The Brown County Jail is the most recent of Wisconsin’s 12 counties to launch a reading program that connects incarcerated parents with their children.
The “Making Reading Memories” project is a partnership between the counties and Literacy Link – a program of the University of Wisconsin-Madison, Division of Extension. Literacy Link works with prisons, libraries and family serving agencies to provide literacy opportunities for children who have a parent or caregiver involved in correctional systems.
Through Making Reading Memories, interested incarcerated parents take a course explaining the program and the importance of reading to children. Individuals are eligible to participate as long as they are legally able to be in contact with their children.
Next, parents choose an age-appropriate book from the selection available to them and record their reading of the story. Once their recording is viewed and approved by the prison administration, the recording and a copy of the book are sent to their child, as long as the child’s caregiver allows the child to view the video.
Eight parents from Brown County Jail have participated in the program so far this summer, and about 80 in total have expressed interest in joining.
Captain Heidi Michel helped facilitate the program at the prison and said it is good to see parents excited about the program and the benefits it brings to their children.
“Yes, you can have the video tours, but that, I think, is a bit more personal,” Michel said. “That’s something these kids will have.”
Michel said the program helps maintain family ties that are “taken away” when a parent is incarcerated.
Liz Lexau is the statewide coordinator for Literacy Link. She said the project helps alleviate the trauma children experience when a parent is incarcerated.
“The trauma of separation without additional support — it can contribute to behavioral health issues and interfere with academic achievement,” Lexau said. “We know that these stable relationships help protect children from the harmful effects of excessive stress.”
Lexau said one in 14 children in the United States has had a parent incarcerated at some point in their life. Programs like Making Reading Memories have a beneficial impact on this huge population, she said.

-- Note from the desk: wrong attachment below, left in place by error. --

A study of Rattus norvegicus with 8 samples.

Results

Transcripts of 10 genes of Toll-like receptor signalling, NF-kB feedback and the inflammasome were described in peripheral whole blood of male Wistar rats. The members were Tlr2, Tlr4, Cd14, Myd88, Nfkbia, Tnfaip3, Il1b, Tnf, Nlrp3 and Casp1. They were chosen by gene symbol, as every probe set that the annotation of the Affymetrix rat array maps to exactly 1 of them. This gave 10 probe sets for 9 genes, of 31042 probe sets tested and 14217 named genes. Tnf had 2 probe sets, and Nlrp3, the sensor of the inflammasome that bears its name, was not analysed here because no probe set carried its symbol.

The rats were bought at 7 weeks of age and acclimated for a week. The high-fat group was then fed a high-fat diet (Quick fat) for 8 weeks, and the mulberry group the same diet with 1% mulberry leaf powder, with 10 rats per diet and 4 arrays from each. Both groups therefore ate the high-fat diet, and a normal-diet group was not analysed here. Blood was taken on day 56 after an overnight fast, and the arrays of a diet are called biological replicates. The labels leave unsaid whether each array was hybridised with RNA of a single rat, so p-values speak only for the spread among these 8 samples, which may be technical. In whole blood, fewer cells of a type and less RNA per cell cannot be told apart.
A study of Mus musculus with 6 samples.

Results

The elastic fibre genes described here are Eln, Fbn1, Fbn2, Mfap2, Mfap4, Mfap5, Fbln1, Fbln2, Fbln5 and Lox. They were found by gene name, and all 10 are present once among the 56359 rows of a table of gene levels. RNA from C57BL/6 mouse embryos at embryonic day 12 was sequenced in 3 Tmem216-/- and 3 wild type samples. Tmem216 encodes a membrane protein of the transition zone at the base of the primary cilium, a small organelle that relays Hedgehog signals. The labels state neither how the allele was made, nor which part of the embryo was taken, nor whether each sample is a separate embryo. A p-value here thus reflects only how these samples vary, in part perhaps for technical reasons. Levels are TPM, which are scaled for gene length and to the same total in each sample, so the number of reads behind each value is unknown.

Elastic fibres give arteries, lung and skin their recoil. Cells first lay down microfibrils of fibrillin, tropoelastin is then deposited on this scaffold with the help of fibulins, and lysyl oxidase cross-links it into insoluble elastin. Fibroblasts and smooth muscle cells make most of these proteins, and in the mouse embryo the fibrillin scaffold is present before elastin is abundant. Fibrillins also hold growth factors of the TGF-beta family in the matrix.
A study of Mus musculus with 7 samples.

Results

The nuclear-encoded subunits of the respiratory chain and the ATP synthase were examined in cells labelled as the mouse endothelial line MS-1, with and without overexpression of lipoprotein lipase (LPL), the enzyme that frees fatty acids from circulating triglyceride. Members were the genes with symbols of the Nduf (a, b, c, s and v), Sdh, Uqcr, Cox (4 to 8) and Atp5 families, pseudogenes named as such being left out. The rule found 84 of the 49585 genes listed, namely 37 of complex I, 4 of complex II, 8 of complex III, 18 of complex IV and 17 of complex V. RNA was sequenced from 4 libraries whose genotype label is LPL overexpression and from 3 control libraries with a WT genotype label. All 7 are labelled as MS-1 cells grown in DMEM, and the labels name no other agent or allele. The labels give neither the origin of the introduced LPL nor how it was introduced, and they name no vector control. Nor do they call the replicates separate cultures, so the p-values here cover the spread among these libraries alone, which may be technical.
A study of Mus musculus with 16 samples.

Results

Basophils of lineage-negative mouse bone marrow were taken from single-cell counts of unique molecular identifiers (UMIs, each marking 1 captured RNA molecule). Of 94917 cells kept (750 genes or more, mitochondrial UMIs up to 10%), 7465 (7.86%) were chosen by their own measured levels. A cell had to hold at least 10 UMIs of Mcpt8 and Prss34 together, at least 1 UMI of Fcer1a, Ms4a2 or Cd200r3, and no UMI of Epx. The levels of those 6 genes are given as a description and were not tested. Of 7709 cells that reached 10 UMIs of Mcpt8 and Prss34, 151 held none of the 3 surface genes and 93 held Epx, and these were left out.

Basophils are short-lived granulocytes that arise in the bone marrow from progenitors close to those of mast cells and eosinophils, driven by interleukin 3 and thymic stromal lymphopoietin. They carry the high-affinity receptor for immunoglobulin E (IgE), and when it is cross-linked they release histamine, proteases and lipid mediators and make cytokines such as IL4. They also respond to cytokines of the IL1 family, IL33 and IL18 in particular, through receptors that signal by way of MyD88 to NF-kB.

Literacy Link recently received feedback from carers whose children have received books and recordings through the program. A carer said her son watched the recording of his parent reading a story over and over.
“He actually watched it four times in a row the first time,” the carer said in his comment. “He was able to memorize most of the book the last time he looked at it. He holds the book close to him, as a comfort even now that (their parents) are no longer in prison.”
Lexau said Literacy Link has distributed more than 5,000 books to Wisconsin children whose parents have been involved in the justice system, as well as to agencies and prisons where those children visit. A Wisconsin Idea Collaborative Grant pays for the books and the cost to send them to the children.
The program not only has a positive impact on the children, Lexau said, but also on the parents who participate. She said that on average, these parents are more confident reading aloud to children and have a better understanding of the importance of reading and maintaining a connection with children.
The Wisconsin Idea Collaborative Grant also includes partnering with UW-Madison researchers, Lexau said, so they can further study the effects of Making Reading Memories.
Lexau said the research will also help develop a plan to replicate this reading program in more Wisconsin counties.
“That combination of strengthening family relationships and developing those important literary skills — that’s what kept me involved in this work,” she said.